Picture this: It’s the wee hours of a chill December morning, and you are a child asleep in your safe, warm bed. You have a pile of blankets pulled up to your chin, with your hands and one foot securely tucked beneath (the other foot is peeking out like some kind of plump, pink sentinel, because otherwise you’ll get too warm).
In a matching twin bed not six feet away sleeps your little sister, clutching her stuffed koala, Mr. Monkey (don’t ask) in one hand and her baseball mitt in the other. She, too, is sound asleep, and would be snoring softly if it weren’t for the canvas-skinned goose down pillow into which she has smashed her face.
The room is warm, the dreams are sweet, and all is right with the world.
Suddenly, like the heralding angels’ trumpets of old, a joyous but overwhelming cacophony crashes in on your repose, shattering your dreams into shimmering threads which dissipate as they float away from your grasp. In the back of your mind, you recognize the blaring notes of “Oh Come All Ye Faithful,” a once enjoyable carol, now an intruder you wish you could banish forever.
You look around, trying to make sense of what has happened and you find that, despite having no memory of moving, you are standing upright at the foot of your own bed. Your sister has not been so lucky. She is
crumpled in a heap nearby on the chilly hardwood floor, invisible and trying to escape the blankets that have ensnared her. You bend to remove the covers from her face, and the bleary, betrayed eyes that emerge are a near-exact reflection of your own.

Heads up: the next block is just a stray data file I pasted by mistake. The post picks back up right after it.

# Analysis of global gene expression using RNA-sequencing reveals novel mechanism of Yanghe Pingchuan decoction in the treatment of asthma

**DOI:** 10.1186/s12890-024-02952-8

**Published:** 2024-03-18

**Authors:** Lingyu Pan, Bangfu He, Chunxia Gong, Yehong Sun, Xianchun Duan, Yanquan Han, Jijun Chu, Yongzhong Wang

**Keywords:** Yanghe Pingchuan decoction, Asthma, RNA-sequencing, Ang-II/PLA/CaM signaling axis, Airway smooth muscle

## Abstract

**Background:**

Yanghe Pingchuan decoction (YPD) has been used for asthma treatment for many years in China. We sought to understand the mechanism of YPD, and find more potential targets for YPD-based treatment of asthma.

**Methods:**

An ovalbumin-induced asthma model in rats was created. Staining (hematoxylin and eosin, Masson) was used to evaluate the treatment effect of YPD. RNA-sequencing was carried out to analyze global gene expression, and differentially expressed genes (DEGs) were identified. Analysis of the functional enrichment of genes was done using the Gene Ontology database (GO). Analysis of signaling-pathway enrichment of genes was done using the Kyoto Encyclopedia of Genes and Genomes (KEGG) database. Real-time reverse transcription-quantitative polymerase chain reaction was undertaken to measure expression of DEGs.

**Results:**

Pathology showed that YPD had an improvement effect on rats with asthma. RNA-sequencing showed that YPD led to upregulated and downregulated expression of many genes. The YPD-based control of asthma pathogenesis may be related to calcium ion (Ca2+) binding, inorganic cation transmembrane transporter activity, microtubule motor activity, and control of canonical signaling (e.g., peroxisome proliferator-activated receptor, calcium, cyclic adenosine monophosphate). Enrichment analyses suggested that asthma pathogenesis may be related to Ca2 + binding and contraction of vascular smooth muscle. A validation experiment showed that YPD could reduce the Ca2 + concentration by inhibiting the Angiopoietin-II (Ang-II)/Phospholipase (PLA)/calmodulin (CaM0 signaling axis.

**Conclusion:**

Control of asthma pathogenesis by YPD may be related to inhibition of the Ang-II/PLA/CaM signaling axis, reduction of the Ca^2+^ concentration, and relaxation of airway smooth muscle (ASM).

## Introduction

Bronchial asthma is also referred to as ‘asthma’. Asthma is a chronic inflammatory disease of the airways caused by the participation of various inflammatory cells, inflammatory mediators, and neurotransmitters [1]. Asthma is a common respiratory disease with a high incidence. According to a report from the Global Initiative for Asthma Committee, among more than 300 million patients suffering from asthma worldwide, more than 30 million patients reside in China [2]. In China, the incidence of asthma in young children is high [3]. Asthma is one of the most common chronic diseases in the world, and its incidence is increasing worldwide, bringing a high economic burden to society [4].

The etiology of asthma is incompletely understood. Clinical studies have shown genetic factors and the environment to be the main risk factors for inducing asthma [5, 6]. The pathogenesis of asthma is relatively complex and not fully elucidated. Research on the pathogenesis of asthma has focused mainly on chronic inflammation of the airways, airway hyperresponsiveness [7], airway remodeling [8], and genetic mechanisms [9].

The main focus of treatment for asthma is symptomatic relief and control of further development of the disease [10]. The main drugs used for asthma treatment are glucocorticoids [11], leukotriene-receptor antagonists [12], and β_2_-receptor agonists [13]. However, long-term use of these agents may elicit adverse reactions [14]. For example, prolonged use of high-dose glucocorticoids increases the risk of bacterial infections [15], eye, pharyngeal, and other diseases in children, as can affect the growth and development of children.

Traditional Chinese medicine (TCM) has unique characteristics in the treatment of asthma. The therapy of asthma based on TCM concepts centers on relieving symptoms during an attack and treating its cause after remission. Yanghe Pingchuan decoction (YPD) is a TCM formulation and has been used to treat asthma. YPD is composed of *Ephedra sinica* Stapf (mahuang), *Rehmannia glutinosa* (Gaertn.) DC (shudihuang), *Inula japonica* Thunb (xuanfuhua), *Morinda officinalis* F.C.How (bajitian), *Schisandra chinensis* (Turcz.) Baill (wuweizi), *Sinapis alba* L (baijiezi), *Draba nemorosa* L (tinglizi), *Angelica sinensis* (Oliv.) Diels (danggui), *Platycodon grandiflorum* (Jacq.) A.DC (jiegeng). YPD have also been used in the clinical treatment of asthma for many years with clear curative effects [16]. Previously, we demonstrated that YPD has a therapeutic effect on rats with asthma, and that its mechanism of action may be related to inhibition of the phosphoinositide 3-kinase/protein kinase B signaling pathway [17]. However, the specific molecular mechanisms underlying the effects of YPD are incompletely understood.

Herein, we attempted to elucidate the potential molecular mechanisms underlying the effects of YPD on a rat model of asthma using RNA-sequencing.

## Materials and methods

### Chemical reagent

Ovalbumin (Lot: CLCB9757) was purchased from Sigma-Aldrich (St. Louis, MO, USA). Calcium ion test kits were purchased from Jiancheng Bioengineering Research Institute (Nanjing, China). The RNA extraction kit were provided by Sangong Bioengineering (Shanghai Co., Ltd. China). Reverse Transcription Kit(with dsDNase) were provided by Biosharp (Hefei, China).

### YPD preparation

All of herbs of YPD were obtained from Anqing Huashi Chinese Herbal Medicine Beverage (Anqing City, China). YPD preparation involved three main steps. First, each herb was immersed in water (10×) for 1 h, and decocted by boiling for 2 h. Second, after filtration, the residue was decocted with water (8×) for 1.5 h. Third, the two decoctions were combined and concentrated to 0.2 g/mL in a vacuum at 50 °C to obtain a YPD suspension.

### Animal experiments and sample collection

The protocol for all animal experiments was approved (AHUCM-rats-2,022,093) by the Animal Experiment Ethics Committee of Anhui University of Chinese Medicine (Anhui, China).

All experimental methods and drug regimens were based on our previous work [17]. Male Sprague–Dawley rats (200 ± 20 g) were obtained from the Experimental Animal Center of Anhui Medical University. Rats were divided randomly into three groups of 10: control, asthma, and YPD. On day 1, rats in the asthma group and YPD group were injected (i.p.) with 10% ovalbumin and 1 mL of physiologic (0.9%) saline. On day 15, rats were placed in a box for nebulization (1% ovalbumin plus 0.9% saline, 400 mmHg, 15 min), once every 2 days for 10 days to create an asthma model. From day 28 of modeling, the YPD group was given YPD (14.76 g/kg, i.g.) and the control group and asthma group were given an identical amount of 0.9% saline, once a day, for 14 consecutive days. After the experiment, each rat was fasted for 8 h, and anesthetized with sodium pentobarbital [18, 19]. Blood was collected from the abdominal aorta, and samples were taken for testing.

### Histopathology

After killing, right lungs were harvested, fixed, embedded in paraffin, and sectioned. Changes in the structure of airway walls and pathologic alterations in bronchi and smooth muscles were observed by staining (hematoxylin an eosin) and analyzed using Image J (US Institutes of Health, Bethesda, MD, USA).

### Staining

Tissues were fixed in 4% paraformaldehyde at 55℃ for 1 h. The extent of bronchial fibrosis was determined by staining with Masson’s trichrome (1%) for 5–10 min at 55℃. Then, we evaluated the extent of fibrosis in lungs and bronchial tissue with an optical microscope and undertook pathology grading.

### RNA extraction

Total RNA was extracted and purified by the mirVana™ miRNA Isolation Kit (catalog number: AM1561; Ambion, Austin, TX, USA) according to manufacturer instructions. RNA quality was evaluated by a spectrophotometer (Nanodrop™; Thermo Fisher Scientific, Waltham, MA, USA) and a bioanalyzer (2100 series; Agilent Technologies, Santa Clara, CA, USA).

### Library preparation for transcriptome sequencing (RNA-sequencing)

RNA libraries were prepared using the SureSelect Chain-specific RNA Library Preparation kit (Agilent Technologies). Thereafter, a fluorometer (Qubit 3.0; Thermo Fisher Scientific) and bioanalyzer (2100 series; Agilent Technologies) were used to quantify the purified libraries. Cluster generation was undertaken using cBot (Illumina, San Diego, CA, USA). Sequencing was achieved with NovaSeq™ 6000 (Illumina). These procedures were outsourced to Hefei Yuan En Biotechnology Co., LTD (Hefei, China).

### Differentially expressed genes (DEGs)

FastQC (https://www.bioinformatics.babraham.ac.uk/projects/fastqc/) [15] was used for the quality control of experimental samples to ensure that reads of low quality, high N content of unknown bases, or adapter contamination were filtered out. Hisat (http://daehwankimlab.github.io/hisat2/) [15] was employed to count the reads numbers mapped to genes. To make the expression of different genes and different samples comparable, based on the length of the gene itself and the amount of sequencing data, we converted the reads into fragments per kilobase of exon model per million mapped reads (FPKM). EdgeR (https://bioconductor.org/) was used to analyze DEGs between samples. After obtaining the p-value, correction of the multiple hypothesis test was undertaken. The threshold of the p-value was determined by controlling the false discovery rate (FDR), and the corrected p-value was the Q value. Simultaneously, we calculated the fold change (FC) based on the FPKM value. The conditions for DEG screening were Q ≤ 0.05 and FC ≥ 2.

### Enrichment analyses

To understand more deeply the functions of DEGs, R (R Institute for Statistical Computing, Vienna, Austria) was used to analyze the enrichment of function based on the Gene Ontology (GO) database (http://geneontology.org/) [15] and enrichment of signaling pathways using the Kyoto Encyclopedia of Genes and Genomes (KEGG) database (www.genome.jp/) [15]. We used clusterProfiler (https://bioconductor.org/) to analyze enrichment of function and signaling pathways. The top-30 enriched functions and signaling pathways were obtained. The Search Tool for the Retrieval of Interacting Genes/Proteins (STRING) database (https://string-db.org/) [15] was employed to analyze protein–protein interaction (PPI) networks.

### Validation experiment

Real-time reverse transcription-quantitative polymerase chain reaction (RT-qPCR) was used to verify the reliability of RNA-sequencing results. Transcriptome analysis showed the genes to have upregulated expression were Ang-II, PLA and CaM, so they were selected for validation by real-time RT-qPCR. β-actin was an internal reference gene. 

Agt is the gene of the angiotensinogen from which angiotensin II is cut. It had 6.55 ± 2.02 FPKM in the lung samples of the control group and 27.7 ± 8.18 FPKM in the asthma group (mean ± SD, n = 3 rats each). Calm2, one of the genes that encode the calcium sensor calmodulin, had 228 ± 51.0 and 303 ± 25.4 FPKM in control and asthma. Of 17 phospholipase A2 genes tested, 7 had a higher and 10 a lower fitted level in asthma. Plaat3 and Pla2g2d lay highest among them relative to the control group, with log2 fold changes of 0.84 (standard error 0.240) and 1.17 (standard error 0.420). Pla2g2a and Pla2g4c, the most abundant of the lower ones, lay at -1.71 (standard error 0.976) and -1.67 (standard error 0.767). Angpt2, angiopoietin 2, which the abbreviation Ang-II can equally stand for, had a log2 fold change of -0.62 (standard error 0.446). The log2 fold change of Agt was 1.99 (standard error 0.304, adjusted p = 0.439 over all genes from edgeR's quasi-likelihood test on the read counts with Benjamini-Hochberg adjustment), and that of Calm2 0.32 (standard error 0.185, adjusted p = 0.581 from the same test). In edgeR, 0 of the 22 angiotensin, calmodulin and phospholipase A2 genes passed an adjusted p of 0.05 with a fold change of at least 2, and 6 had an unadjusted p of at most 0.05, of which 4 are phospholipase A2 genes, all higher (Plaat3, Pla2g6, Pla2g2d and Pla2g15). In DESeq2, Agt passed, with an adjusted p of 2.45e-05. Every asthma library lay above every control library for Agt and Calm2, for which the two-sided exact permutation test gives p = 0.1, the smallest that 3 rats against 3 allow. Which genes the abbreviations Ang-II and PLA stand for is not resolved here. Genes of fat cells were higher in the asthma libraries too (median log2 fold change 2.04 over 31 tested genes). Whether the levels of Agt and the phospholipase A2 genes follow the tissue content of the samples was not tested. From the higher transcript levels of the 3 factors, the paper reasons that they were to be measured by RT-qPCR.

Lovely scene, isn’t it? This fun little tradition is how my sister, Mandy and I awoke on Cookie-Baking Day every single year. Cookie-Baking Day was the day Mom baked all of the goodies we would serve at our annual
Christmas Open House, and her final step of preparation before assembling the first batch of dough was to put on her all-time favorite holiday record and crank it up to where she could satisfactorily rock out to it. (Not many people can rock out to Bing Crosby Christmas music, but my mom could, and she didn’t care what you or anybody else thought about it.)
Upon hearing the thumps of our waking, Mom would immediately summon us to come downstairs so we could eat and be out of her way as soon as possible. We’d stumble along in our matching footie pajamas and
begrudgingly comply, downing the traditional Cookie-Baking Day breakfast of Christmas Crunch cereal and milk. Thus fueled with sugar and songs, we would exit to change into our Saturday clothes and enjoy whatever diversions we could find until Mom inevitably called us back down to fetch and help.
I know now that Mom did not deliberately set out to frighten us (I’m not sure she even knew we could hear her music from that far away), but that didn’t matter in the big picture. Cookie-Baking Day was the foundation of our gift to the world, our way of telling everyone we knew that we loved them and wanted to give them something special. It took a lot of work, a lot of energy, and a lot of love to make it happen. If all that work, love, and energy happened to generate a fair bit of noise, too? Well, that was just a bonus.